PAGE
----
Grafenia opens up to third-party products

Jo Francis
Thursday, July 23, 2020

Grafenia has opened up its network to third-party providers of niche products with a new ‘Works Makers’ option.

Gunning: we can say ‘yes’ to more clients, more often
Gunning: we can say ‘yes’ to more clients, more often

Peter Gunning, chief executive at the Aim-listed PLC, said the idea had come about following ideas floated by its Nettl and Printing.com partners through the networks’ online community forum.

“We discuss ideas and they ask questions on a variety of topics. Quite often, they’re looking for supplier recommendations. Our clients come from all walks of life and every day someone’s looking to source a niche product,” he said.

“Sometimes we can take that request and turn it into a product we make in-house. In fact, many of the new social-distancing products we launched during lockdown were suggested by partners. But we thought there must be a better way.”

He said Works Makers was “a natural extension” of the existing community and integrated supply chain.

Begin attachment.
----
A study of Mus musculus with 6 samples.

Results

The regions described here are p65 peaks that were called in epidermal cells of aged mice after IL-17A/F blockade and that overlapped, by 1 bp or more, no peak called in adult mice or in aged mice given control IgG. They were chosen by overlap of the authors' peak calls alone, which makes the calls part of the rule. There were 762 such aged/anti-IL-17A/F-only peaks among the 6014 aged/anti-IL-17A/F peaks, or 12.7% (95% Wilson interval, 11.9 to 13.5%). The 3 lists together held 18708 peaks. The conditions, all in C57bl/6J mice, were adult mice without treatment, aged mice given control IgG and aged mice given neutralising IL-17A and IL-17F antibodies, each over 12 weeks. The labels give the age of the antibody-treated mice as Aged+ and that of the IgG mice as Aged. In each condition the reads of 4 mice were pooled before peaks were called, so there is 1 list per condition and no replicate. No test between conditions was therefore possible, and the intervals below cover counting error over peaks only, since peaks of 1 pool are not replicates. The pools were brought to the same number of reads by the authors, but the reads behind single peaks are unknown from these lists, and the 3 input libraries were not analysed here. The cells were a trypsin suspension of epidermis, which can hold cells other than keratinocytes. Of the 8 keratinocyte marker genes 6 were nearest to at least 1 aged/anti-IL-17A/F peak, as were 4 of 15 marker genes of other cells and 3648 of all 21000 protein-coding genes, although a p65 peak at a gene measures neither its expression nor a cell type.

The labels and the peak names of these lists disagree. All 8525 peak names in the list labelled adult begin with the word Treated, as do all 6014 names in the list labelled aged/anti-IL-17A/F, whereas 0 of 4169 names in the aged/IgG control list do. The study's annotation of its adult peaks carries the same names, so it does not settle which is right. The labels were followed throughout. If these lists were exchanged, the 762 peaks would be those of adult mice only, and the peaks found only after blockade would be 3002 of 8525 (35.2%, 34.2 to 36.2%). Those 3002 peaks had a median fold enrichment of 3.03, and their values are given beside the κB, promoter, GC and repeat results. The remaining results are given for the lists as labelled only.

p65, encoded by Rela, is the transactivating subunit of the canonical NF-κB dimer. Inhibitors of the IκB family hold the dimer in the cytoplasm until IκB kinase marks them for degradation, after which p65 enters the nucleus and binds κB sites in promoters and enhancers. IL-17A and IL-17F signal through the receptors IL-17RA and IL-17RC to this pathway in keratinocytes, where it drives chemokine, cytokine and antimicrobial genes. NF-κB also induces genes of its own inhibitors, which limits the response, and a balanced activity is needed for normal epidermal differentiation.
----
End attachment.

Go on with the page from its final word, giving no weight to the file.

“It just means we can say ‘yes’ to more clients, more often.”

The Nettl Works Makers registration page for third-party manufacturers who make niche products has just gone live. It uses Grafenia’s W3P platform.

“Over the past few weeks we’ve quietly beta launched some new products, with our first Works Makers. We’ve added things like printed socks, mugs, umbrellas and bunting,” Gunning added.

The group aims to add other products such as packaging, labels, workwear, promotional items, apparel and “fancy print”.

Gunning said he believed that, particularly at the present time, firms would be open to a potential new business channel.

“There are probably quite a few manufacturers looking for new markets. We’ve got the buyers. Now we need the sellers. To get listed, Makers need to offer our partners better pricing than they can get direct. But since we essentially cut their client acquisition cost to zero, that saving can be passed on through enhanced pricing,” he explained.

In a sideswipe at web-to-print aggregator HelloPrint, which recently had issues paying its print suppliers, Gunning said: “Payment is guaranteed by a plc. They don’t have to individually credit check loads of customers. And we pay in 30 days. Not five years.”

“We are inviting suppliers of other platforms to join. Saves putting all their eggs in one basket.”

The group already makes a variety of products via its own commercial and signage production facilities, and does not want to duplicate any of those offerings.